A mushroom hunter was out looking for morels when he discovered something way more rare then a delicious mushroom. He found a whitetail deer fawn with two heads on one body. What is more amazing is that the conjoined fawns were perfectly intact.
According to the University of Georgia’s press release, the mushroom hunter discovered the fawn about a mile away from the Mississippi River in Freeburg, Minnesota back in 2016. All of the details are just now coming out because the research scientist just released their findings.
He made a quick call to the Minnesota Department of Natural Resources and they were able to preserve the amazing find. This is the first time conjoined fawns found full term. The only other examples of conjoined twin fawns have been found still in utero, said Gino D’Angelo, the University of Georgia researcher who studied the deer.
“It’s amazing and extremely rare,” D’Angelo said. “We can’t even estimate the rarity of this. Of the tens of millions of fawns born annually in the U.S., there are probably abnormalities happening in the wild we don’t even know about.”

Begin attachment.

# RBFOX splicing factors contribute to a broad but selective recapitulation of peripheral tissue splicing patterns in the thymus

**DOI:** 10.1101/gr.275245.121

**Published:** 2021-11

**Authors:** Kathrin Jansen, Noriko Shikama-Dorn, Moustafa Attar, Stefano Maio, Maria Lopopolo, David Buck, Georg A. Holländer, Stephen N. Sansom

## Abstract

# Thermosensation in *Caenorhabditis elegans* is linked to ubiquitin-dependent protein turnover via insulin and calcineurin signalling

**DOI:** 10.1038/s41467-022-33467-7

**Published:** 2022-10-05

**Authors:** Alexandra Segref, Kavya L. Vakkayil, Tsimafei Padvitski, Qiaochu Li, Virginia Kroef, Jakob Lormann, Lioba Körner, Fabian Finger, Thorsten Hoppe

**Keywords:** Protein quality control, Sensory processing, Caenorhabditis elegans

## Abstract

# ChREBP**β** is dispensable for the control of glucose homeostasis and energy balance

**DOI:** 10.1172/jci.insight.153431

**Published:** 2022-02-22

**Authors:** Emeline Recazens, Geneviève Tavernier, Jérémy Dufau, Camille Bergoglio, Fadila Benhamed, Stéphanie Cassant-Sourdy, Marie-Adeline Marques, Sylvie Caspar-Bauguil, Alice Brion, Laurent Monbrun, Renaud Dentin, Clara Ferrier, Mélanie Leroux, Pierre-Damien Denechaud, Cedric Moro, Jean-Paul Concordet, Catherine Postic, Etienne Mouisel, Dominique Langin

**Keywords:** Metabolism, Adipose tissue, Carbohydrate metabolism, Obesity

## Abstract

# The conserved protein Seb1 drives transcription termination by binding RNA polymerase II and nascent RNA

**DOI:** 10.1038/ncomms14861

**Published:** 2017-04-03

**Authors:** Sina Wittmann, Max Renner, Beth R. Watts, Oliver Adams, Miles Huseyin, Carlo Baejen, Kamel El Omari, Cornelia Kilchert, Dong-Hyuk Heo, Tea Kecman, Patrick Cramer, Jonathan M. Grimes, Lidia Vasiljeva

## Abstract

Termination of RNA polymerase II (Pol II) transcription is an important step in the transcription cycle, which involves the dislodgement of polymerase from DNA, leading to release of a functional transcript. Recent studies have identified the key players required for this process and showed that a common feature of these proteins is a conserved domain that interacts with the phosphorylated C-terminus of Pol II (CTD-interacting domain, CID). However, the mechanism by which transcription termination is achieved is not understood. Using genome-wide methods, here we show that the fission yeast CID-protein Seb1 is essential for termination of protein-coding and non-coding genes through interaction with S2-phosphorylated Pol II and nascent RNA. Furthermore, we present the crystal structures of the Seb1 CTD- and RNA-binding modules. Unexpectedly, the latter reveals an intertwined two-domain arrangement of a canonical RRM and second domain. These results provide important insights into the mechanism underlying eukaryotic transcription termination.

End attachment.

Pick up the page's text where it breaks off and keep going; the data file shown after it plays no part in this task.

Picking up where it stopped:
“Their anatomy indicates the fawns would never have been viable,” D’Angelo said “Yet, they were found groomed and in a natural position, suggesting that the doe tried to care for them after delivery. The maternal instinct is very strong.”
This is an extremely rare find. The researchers found only 19 confirmed instances of conjoined twins in wildlife between 1671 and 2006, only five of which were in the deer family.
The conjoined fawns will be on display at the Minnesota Department of Natural Resource’s headquarters in St. Paul, Minnesota, while a skeletal display will be housed at the University of Minnesota Veterinary Anatomy Museum.
Really cool find I doubt that will ever be topped. D’Angelo wrote a research paper on the fawns and you can read the entire report HERE.